The situation with the Coronavirus pandemic has been a rapidly changing situation, leaving congregations and pastors to be creative in finding safe ways to be community together. Some churches closed completely, others canceled Lenten services and meals and were hypervigilant about handwashing, sanitizing surfaces, not reusing bulletins and maintaining social distancing during public worship.
“During a pandemic, the best way to love and serve our neighbors is to avoid putting them at risk.” Pastor Daniel Flucke, St. Peter, Greene.
Tuesday afternoon Iowa Governor Kim Reynolds issued an order prohibiting any public gatherings of more than 10, including social, community, spiritual, and religious gatherings. This, at least, has made the decision to suspend worship services easier.
Bethlehem Lutheran in Cedar Falls over Zoom, are worshipping on YouTube on their church channel, and communicating on their Facebook page. They also will be using Taking Faith Home and Illustrated Children’s Ministry to connect with their families through their church website and give folks a chance to connect that way. Should this move into further weeks of quarantine, Bethlehem will be giving each member a top 10 list of 10 other members to check in with and care for.
“If we can help protect each other and keep each other healthy, I am thankful to be a part of that,” commented Pastor-Amy Eisenmann.
Most pastors have severely limited home and hospital visits.
Pastor Katie Rodriguez, St. John, Maxfield and Messiah, Janesville is calling every member every week to see how they are doing.
Pastor David Coffin, Elgin Lutheran, sends his sermons to members via email.
Pastor Paul Amlin, Lord of Life, Dubuque, held a zoom meeting with members to answer questions about how they will respond to the crisis.
Pastors in the Mason City area are holding text study via Zoom.
Many congregations are offering live stream services. Some are offering a full liturgy filmed at church with organ music. Others offer more informal worship from the pastor’s office or home.
Bethesda in Jewel records the service during regular church office hours. They utilize the staff that is there with their administrator on keyboard, Youth Coordinator and Pastor Dave Nerdig doing vocals and readings, and Pastor Nerdig doing an object lesson.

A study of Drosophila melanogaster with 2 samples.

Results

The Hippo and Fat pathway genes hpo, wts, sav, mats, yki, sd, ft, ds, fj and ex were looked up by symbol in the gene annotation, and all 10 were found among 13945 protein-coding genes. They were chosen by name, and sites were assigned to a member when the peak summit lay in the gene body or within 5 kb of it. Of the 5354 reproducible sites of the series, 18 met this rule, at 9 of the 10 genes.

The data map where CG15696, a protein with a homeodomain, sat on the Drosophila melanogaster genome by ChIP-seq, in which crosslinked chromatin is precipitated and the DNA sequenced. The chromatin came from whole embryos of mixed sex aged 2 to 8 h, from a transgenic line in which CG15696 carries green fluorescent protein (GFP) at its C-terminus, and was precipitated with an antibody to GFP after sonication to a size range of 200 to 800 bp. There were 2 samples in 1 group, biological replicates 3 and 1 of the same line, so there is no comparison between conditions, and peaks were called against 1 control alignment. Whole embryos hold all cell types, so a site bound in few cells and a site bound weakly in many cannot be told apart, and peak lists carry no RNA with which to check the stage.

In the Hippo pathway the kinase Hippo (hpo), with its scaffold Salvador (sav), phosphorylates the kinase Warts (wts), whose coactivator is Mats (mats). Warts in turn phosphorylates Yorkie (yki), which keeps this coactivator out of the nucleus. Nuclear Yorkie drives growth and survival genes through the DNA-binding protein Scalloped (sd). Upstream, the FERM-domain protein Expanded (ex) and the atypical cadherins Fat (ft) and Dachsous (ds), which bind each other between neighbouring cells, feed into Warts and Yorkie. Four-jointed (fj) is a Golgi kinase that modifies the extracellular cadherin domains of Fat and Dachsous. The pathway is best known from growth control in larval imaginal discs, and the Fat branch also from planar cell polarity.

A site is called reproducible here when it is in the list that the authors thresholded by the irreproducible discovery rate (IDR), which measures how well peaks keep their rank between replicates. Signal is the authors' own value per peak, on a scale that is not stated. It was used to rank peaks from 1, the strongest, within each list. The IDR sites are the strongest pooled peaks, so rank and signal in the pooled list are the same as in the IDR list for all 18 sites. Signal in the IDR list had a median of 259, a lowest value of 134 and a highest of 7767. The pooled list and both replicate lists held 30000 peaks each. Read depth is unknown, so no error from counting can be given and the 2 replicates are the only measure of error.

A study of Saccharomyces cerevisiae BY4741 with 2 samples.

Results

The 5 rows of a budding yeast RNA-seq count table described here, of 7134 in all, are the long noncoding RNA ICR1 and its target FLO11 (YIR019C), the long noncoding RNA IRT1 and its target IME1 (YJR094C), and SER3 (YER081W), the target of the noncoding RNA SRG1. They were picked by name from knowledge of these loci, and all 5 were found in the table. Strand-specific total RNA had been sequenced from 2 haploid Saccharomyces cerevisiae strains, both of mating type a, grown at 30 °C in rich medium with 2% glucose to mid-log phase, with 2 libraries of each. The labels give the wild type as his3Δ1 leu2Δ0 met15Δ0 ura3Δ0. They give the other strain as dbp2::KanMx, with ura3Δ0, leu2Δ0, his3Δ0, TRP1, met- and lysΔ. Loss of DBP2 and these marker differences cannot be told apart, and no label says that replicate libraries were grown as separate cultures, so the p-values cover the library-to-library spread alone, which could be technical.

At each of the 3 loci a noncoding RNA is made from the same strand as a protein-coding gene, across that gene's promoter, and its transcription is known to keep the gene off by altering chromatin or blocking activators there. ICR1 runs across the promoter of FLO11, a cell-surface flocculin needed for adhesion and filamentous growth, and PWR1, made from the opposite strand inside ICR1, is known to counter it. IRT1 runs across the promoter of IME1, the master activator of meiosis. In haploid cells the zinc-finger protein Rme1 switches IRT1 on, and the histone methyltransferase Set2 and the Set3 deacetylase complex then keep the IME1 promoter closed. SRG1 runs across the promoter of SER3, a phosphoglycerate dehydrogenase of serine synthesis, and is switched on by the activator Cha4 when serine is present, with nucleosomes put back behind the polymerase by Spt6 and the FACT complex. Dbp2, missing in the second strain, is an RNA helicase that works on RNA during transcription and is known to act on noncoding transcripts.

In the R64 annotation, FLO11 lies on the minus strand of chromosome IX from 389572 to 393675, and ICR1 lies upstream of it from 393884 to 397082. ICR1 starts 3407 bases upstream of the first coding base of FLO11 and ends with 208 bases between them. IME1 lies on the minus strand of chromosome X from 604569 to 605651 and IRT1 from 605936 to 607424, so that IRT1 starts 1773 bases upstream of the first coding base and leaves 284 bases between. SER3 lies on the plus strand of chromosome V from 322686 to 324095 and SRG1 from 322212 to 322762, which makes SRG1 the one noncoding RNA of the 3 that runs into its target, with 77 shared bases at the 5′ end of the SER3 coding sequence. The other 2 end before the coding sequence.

Trinity Lutheran in Mason City streams a modified traditional worship designed to be interactive. They encourage each family to get a cross, a candle, and a bowl of water to participate in worship. The goal is to teach an “at-home” worship that families can use when they are not present at the church even after the current health issue has passed. They also have Trinity pastors monitoring and participating in the online conversation on Facebook throughout the service.
Trinity has also offered to welcome area congregations by name who do not have their own live stream and invited their pastors to be part of their worship.
Pastor Laurel Meester, First, Dows, streams the service from her home because she lives 40 miles from the church.
“It feels more intimate and hen we are all worshiping in the same type of space.”
St. Petri, Story City, and Bergen, Roland, are streaming Wednesday Lent worship together on Facebook Live.
St. Timothy, Hudson, is doing Holden Prayer on Wednesdays via Facebook Live.
“Routines have changed, but God is a constant source of strength and hope.” – Pastor Beth Olson
Pastor Stacey Nalean-Carlson, Glenwood & Canoe Ridge Lutheran Churches, Decorah, have been sharing morning and evening prayer on YouTube.
Pastors are also corresponding to come up with ways they can work together to offer worship opportunities, especially as it looks as though the crisis may continue into Holy Week and Easter.
At Luther College, students are preparing to move out of residences if they can, and to stay if they can’t. Faculty are preparing to move classes online. Staff are continuing to work on campus in reduced numbers to keep up with residential college needs, but otherwise, many work from home. The Luther College Ministries will be posting daily; some of it will be sermons and readings that were planned for chapel and Sunday morning worship, as well as videos, photos, podcast recommendations, recipes, and other reflections. There is a Target wish list for those who would like to help out students who need to stay on campus. Little Free Pantry at Luther College
“We are committed to finding ways to stay connected and share peace, joy and hope in these times.” Pastor Anne Edison-Albright, Director of College Ministries and College Pastor.
This week all Wartburg College students were advised to leave the campus and return home as soon as possible
Wartburg College is streaming their chapel services.
“We are also developing other online ministry options to support the community and remind ourselves to be looking for signs of hope amidst the very real fear and anxiety that we are experiencing.” Pastor Brian Beckstrom, Dean of Spiritual Life.
These are unprecedented times but our rostered leaders and members are rising to meet the challenge in innovative and faithful ways. There is more than one way to “Show em Jesus”.